7 Things I Don’t Miss About Camping As A Kid
Nostalgia is universal. It’s as common as complaining about the boss or being impatient at the DMV. It was always better “back then”. In the nostalgic version of camping, back in the day the sun was always shining, the air was clear, campsites weren’t crowded, there were no trail park fees, raccoons didn’t try and steal your food, and mosquitos didn’t try to pop West Nile Virus into your bloodstream.
Bull. If you believe that, I’ll sell you some oceanfront property in Kansas. Sure, some things were better back then. But a lot of things weren’t. When I think back to my early days in the backcountry (at the risk of dating myself, Michael Jordan was playing for the Tarheels, and had hair) there are a lot of things I don’t miss a bit.
When I started backpacking, polar fleece didn’t exist, let alone merino wool. It was the era of army surplus wool pants. They itched, they weighed a ton, and when rolled up, they only took up half my pack.
Melted Long Underwear
Almost worse than being heavy and itchy your clothes would melt. You couldn’t put polypropylene into the dryer without it turning into a molten lump the size of your fist. I’d always forget to take it out and hang it up.
Maddening Tent Poles
The guy who invented shock-corded tent poles made a lot of money. As far as I’m concerned, he deserves it. I spent far too much time swearing up a storm while putting up my tent in a storm, trying to keep poles and hubs together and fumbling a pole segments that rolled away in the dark.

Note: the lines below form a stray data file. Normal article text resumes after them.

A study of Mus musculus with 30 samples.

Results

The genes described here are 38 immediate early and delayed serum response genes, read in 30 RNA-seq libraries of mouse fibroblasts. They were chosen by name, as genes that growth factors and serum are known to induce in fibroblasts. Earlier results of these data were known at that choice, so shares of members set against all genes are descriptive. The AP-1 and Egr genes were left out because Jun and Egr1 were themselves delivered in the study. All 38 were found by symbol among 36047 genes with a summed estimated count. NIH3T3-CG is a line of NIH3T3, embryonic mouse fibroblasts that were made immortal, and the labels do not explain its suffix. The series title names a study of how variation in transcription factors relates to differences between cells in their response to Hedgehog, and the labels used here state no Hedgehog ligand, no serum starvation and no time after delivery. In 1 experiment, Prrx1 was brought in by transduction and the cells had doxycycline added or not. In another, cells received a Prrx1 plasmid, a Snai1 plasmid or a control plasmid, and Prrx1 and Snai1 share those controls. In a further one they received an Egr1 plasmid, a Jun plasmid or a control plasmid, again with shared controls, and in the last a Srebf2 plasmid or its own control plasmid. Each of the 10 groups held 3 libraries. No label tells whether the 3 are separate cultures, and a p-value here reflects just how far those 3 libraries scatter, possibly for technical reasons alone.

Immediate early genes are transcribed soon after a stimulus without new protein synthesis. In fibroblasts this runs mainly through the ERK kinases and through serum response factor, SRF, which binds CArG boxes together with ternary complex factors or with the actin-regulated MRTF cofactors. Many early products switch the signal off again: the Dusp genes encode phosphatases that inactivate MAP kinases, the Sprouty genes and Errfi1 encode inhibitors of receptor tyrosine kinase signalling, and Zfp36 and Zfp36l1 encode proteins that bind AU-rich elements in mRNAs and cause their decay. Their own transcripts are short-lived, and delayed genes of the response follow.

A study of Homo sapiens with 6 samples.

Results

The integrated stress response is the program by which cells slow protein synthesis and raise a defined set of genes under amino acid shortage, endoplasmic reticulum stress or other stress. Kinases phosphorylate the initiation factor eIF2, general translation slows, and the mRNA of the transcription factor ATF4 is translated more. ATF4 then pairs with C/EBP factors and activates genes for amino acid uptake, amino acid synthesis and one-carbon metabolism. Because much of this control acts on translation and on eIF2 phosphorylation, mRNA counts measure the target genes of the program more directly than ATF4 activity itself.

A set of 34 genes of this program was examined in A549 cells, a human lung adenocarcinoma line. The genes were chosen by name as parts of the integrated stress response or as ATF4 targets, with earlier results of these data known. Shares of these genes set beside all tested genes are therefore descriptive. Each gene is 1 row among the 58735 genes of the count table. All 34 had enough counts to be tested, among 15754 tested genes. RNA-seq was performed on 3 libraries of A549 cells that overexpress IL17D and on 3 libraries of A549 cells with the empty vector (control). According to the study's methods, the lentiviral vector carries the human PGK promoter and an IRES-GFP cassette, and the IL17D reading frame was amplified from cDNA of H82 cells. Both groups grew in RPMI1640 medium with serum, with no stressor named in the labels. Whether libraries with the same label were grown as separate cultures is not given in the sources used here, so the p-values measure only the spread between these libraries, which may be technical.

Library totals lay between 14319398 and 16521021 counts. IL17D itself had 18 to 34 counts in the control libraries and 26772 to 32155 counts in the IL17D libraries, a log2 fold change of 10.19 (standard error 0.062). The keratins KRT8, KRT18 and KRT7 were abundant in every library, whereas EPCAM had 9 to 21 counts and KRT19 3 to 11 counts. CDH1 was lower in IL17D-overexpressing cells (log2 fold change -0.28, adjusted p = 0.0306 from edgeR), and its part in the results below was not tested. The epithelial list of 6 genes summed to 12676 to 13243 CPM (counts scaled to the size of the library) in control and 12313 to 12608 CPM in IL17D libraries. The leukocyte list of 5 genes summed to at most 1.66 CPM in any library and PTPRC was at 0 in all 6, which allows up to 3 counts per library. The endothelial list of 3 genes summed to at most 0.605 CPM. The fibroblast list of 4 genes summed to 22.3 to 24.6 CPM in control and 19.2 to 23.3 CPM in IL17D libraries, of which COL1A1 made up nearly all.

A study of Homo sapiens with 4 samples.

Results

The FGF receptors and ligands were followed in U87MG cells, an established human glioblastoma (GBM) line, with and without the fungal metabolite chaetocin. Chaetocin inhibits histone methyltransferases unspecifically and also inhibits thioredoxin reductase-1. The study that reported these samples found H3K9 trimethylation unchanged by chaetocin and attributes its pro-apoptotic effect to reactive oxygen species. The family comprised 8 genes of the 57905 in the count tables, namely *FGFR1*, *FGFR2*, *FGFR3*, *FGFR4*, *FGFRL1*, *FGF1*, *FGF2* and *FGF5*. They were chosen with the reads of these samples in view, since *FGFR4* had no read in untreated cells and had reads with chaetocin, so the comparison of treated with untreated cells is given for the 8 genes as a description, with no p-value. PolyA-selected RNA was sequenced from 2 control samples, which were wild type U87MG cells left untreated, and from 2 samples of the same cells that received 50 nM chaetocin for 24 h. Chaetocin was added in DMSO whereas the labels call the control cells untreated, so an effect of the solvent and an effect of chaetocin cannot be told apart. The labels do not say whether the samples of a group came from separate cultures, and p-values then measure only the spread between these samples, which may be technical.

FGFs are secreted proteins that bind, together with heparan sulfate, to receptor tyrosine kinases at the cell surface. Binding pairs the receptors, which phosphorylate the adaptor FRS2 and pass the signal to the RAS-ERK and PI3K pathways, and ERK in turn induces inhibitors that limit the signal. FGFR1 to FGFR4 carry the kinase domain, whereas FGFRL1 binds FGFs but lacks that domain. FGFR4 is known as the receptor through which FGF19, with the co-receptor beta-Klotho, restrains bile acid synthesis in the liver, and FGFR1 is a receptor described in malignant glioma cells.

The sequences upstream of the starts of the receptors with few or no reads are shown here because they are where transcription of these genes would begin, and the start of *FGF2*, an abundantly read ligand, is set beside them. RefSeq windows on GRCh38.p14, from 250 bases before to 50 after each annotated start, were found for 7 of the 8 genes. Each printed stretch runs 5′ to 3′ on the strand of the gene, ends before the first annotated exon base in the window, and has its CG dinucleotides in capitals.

Sore knees and Purple Spaghetti
I don’t miss the sore knees and back from kneeling next to a stream, using a pump-filter to fill water bottles. The only alternative to the pump-and-grunt was iodine tablets that made water brown and tart, and turned purple in the presence of starch. Ultraviolet Steri-Pens are far smaller and faster, and gravity-filters work great for big groups. Come to think of it, why did it decades for us to think of using gravity—the most basic, obvious force in the unverise–to move water through a filter?
Your Own Portable Steam Room
Ah, nylon raingear that got wetter on the inside than the outside in the age before Gore-Tex and other waterproof-breathable fabrics. I remember old-school Alaskans saying that Gore Tex would never work, that heavy PVC rain slickers were the way to go. Well, they were wrong.
Soaked Gear in the Morning
I remember exclaiming “duh!” when tents started sporting vestibules, sometime during the late Reagan administration. Along with a wet pack in the morning, I don’t miss wind-blown rain thwacking against the tent door.
Pour Fuel Into An Impossibly Small Hole
Before MSR came up with the idea of connecting a stove directly to the fuel bottle, pre-meal camp routine involved pouring white gas through a tiny funnel carefully into an even tinier stove tank. Inevitably, you’d soak your fingers, which froze as the fuel evaporated. And you’d probably also spill a little on the outside of the stove. If you lit the stove too quickly, you’d risk a very large boom.
Ah, those were the days. Itchy skin, clammy raingear, melted clothes, explosions, and annoyingly slow filters. Enjoy camping in the modern era. Old school is overrated.
Neil Schulman no longer wears itchy pants. He’s also gotten rid of his 8-track tapes.